Getting to the Nilambe Buddhist Meditation Centre involved two bone-rattling tuk tuk rides, one broke down before the next one delivered me to the centre but not before my backpack had hopped around and fully squashed my lunch.
I had signed up for a five day silent meditation retreat. Online I had seen another Mindfulness courses for 10 days but going from novice to ten days of 10 hours a day meditation sounded like running a marathon without having jogged before!
The centre itself is wonderfully located on the outskirts of Kandy ontop a hill of tea plantations and a more tranquil place you couldn’t find though clouds and rain would roll up the hillside which wrapped the centre in an eerie mist.
In total there were 18 of us on the course, all westerners, but one couple who arrived with enough biscuits to feed an army mustn’t have taken to it and left the next morning but from then on it was the same group to the end. Going through shared activities with other in complete silence is odd at first – it feels both social and anti-social at the same time.
The schedule was the same every day – morning bell at 04.45 followed by meditation for an hour and then some tea. Knowing how bad I am in the mornings I had prepped myself by getting up at 6am on the few days prior so it actually wasn’t too bad, by the end I enjoyed this start to the day.
The schedule had a mix of light yoga which was excellently tailored for flexibility in sitting for the meditation, walking meditation and working meditation where you pay close attention to what you are doing. I chose to do work in the rock garden – literally down in the (tiny) weeds and cleared it completely by the end.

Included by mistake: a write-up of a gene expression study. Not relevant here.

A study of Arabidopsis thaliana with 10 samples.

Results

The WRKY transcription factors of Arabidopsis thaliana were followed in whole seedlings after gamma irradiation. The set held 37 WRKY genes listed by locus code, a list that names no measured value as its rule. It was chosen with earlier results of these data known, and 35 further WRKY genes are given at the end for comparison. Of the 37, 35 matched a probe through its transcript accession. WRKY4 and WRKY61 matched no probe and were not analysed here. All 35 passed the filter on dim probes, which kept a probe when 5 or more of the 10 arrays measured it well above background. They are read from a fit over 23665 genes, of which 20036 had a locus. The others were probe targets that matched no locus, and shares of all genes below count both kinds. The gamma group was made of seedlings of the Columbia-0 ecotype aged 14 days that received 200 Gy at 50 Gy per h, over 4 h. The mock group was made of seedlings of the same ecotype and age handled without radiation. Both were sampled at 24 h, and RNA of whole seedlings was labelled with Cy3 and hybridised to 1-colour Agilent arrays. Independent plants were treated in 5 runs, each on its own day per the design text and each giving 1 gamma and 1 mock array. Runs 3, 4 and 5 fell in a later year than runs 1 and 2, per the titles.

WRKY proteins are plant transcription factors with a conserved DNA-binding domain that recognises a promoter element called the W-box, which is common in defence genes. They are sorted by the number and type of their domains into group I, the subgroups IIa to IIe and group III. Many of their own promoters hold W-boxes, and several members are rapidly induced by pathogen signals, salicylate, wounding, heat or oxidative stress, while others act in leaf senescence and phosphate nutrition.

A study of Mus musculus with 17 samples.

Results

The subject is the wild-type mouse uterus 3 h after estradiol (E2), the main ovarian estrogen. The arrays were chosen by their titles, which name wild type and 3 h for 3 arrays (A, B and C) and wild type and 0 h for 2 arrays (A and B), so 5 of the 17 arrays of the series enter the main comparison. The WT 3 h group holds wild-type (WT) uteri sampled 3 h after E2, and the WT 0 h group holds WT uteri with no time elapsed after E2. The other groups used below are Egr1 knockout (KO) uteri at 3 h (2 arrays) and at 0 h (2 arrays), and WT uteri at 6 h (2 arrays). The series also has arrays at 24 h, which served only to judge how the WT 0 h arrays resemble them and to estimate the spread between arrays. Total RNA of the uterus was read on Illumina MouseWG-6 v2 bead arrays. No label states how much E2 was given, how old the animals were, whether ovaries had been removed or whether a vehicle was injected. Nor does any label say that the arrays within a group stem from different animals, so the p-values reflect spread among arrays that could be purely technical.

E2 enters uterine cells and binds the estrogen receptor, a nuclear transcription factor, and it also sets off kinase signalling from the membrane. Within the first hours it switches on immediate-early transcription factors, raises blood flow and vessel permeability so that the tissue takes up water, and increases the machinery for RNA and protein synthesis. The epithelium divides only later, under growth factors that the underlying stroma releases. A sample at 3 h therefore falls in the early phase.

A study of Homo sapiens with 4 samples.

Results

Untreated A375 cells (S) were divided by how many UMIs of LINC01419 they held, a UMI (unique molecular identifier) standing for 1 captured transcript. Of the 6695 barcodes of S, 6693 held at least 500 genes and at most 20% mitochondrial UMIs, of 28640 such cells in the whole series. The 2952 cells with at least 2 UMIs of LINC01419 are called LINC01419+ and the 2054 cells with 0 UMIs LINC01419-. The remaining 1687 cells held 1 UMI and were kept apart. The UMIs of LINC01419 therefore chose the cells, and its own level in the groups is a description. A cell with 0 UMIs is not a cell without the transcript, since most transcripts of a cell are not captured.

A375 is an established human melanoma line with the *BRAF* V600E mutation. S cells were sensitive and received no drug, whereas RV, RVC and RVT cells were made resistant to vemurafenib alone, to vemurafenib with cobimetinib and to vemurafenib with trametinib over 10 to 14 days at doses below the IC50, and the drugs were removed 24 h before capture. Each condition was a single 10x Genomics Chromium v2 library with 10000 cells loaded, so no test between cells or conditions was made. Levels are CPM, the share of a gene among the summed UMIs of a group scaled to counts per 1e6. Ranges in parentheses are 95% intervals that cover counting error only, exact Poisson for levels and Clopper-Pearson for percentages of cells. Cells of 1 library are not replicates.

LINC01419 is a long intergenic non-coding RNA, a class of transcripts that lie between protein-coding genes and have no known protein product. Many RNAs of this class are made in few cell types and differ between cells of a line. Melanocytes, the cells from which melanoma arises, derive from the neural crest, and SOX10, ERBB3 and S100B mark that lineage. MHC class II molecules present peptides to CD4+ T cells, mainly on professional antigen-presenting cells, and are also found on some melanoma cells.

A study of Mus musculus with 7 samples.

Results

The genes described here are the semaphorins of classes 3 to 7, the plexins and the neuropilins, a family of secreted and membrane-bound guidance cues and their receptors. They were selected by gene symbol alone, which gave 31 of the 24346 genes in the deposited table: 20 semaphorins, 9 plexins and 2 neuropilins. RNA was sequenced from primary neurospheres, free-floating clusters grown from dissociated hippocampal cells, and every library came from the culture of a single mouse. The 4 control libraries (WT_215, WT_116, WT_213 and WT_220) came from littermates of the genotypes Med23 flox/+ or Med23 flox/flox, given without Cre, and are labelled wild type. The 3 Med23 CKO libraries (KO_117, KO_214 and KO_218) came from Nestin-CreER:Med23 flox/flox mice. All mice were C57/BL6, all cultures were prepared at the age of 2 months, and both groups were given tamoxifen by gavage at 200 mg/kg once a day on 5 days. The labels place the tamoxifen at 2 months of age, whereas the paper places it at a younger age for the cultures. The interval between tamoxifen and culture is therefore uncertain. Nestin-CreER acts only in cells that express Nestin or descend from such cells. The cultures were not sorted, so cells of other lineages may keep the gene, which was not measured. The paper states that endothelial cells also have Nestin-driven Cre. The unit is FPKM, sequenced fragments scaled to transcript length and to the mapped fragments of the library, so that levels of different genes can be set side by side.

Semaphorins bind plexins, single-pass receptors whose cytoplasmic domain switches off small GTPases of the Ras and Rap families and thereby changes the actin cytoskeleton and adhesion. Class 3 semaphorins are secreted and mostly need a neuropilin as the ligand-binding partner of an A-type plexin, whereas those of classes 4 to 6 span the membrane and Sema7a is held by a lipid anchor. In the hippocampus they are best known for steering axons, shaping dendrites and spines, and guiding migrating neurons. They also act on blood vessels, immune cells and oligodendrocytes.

The downside was that when it rained there were leeches which amazingly seemed to find you and attach and they are tough little runt to get rid of!
The meditation itself it was Vipassana (aka Insight or Mindfulness) focusing on the breath. The instructions are deceptively simple: to focus on the inhale and exhale of breath and not be lost in thought. I’ve seen it best compared to the instructions to walk a tightrope – put one foot in front of the other and don’t fall off. Easy to state but incredibly difficult to do. I found myself buffeted by thoughts continually, sometimes not realising I had swung off on a tangent for a few minutes.
During the day we would have talks by the course leader Upul who advised on how to approach meditation or issues that arise – quite a few people mentioned past angry memories bubbling up seemingly from nowhere. In the evenings there was also a chanting session which I took a while to get into but by candlelight was a fitting way to wind down the day.
The accomodation itself was basic but fine – there is no electricity so it is a digital detox also although I did spy someone with their iPad around. The food was vegetarian and good – two larger meals for breakfast and lunch and a snack in the evening – well you hardly want a heavy meal when you head to bed at 8.30.
By the end of the five days I had really settled into the routine and it was strange to be leaving. Even more strange was to actually speak to some of the other attendees – one of which was a couple on their honeymoon. Considering they had to sleep in separate rooms and not speak to each other it seemed like a great preparation for a very long marriage!
I felt a lot more settled on the journey back to Kandy, in most part due to being in a minivan rather than tuk-tuk but I hope maybe in small part due to the five days of meditation.